Information security misconceptions

Channeling my inner Billy Bragg, isn't it fair to say that nobody knows nothing anymore?


Look, reader, I've been in this business for a while. I've been patching holes and doing incident response since before you were in diapers (unless you're older than 20).

One thing I can say with absolute certainty is that there's no such thing as a "hack-proof" anything. Give enough monkeys enough typewriters (or, indeed, enough researchers enough Club Mate), and they'll eventually stumble upon a hole big enough to give an attacker ingress.

But that’s just it, isn’t it? The concept of something being ultra-secure or ultra-insecure is just a fundamental misconception in how we look at security. Despite a manufacturer’s claims, 99.999 percent of the time, the reality is usually slap-bang in the middle.

Nobody knows nothing anymore

Channeling my inner Billy Bragg, isn't it fair to say that nobody knows nothing anymore? I'm not just talking about the press -- although sloppy security reporting is far too common, and unfailingly gets my goat. What about people in the inside of the industry?

A pen-tester, for example, may be incredibly talented at breaking into vulnerable systems. But how well does she know the other parts of the industry? You know, risk management, for example? Generally, not so much.

Similarly, a top-notch CISO probably knows all there is to know about managing a team and prioritizing security resources, but if presented with a hard-disk and asked to forensically image it, would they know how to? Perhaps not.

A huge misconception about InfoSec is the belief that, fundamentally, it's a technological discipline. Technology is a huge part of things, sure, but that doesn’t present the whole picture, either.

When I tell my distant aunts and cousins what I do, they inevitably conjure up visions of me sporting a black leather trench coat and a pair of aviators, frantically tapping at a keyboard while binary numbers snake down the screen vertically.

While that's a cool image, it's not an accurate reflection of what I -- and many people in InfoSec -- actually do. The reality is that my job involves a lot of writing and a lot of meetings. And it's still very much within the broader field of information security.

I'd even argue (although some would vehemently disagree) that marketing and communications should also be considered to be part of InfoSec. If your goal is to increase compliance in an organization, you've ultimately got to shape the behavior of non-technical workers. How would you do that?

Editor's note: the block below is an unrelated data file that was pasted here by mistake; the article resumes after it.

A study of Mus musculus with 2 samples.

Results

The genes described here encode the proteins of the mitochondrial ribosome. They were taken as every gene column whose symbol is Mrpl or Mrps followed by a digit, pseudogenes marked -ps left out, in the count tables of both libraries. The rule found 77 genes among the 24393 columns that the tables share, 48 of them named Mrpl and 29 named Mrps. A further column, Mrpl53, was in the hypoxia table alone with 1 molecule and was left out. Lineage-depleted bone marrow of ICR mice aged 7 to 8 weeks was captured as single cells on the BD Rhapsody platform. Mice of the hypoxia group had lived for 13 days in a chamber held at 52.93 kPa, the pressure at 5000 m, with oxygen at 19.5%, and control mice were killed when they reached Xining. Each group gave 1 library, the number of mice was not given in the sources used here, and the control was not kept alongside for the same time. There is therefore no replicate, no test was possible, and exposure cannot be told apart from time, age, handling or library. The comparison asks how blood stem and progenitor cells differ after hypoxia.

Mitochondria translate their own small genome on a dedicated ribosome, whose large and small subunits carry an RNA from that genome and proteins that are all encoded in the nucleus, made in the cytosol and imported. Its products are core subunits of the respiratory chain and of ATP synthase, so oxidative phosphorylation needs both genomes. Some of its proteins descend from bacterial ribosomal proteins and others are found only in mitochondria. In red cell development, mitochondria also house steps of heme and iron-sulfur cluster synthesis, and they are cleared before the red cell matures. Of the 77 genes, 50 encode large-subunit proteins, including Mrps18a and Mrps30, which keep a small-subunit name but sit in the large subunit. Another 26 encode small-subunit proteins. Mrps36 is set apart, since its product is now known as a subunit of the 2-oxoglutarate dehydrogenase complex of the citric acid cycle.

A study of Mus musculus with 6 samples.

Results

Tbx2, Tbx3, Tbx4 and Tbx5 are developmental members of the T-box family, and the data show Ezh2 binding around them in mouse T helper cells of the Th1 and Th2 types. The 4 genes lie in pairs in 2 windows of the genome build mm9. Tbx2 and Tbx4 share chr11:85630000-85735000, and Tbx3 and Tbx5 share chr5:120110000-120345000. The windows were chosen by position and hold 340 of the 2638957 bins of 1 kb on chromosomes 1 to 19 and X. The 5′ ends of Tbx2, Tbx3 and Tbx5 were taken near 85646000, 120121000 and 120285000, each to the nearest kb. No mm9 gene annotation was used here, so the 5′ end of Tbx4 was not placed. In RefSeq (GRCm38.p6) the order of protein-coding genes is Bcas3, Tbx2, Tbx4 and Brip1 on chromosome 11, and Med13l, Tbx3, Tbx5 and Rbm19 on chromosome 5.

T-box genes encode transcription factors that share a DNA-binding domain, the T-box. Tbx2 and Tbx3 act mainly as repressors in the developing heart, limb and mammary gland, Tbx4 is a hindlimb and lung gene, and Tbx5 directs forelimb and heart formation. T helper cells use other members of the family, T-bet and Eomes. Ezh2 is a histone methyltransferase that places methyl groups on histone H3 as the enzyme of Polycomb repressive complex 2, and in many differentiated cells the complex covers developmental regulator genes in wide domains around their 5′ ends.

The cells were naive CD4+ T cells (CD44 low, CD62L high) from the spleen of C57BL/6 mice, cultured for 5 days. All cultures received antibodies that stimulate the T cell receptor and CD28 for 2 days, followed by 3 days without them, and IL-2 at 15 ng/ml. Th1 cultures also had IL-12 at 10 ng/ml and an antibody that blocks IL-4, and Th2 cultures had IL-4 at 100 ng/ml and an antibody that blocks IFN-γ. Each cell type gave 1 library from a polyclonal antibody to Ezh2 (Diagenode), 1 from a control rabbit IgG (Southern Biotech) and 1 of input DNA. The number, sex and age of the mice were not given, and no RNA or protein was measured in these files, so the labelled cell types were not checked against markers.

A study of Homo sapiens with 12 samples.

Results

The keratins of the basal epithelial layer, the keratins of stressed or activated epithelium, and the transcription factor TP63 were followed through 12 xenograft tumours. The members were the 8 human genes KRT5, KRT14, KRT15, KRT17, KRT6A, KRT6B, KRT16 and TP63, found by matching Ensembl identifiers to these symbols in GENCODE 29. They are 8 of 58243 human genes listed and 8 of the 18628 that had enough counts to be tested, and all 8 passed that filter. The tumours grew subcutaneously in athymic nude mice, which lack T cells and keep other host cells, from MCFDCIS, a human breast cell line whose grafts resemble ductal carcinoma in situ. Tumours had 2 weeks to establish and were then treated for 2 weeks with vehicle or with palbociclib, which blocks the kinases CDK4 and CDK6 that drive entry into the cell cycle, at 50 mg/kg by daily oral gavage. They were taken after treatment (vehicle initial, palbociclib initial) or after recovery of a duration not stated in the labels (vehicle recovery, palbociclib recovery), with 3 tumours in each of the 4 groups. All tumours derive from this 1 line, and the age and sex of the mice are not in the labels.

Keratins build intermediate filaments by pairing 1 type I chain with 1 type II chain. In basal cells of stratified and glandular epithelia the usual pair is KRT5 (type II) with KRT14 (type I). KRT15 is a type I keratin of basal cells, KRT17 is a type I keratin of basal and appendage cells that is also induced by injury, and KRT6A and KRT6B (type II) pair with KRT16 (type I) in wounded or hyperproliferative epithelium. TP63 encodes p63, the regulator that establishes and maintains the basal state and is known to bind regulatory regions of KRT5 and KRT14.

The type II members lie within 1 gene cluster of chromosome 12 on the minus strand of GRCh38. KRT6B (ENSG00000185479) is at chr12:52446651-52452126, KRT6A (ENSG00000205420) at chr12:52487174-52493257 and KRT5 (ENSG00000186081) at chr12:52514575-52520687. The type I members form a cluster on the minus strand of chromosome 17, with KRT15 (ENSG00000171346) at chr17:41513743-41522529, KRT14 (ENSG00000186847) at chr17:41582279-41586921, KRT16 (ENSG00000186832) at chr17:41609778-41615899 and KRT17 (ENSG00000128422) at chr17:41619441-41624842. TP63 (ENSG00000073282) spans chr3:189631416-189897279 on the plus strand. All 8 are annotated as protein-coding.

Oh yeah, that would be through marketing and communications.

The public ain't too sure, either

So, people on the inside don't necessarily understand the true depth of our field. But what about the layperson, the ordinary bloke and blokette on the street? Surely, given that the UK's information security industry is worth billions of pounds and employs thousands, people would have a clue as to what we do?

Well…no. Depressingly, most non-technical people I've spoken with haven't got a clue about what we do, or indeed, why they should take an interest in the fundamentals of computer security. Here are just a few snippets from some conversations I've had during the first few months of 2018:

  • Taxi driver: "Aren't you all teenage hackers that got caught, or something?" (Not quite, my good man. In fact, that's pretty rare; having a cyber-crime conviction would count against you when trying to go legit with a big firm. Most of the people I work with either entered the field through self-study or through a relevant degree program).
  • Small business owner: "I don't buy it. Why should I be worried? My company's tiny. Nobody is going to target me. Hackers are only concerned with banks and big businesses." (Um, ever hear the expression “low hanging fruit?” And the acronym GDPR?).
  • Different taxi driver: "I bet you lot are unhackable." (the answer is no – in fact, several of my colleagues across the wider industry have had their PayPal accounts hacked to buy iPhones for scammers in West Africa).

I sincerely wish I was making these up for comic effect; unfortunately, I'm not.

To know, or to grow?

That is the question. We can't really do much about the inaccurate reporting about security issues in the press, other than (politely) calling it out when we see it. Similarly, there's not much we can do about the people outside our industry who almost never end up thinking about information security.

But what about us, the industry insiders? As I mentioned, InfoSec is a big field, containing several overlapping disciplines, most of which aren't technical in nature. Should we all try to become more well-rounded, or continue to live within our particular discipline echo chambers, focusing only on getting really good at a particular skillset?

That, dear reader, is a question I'll leave for you. Feel free to tweet me your thoughts @J4vv4D.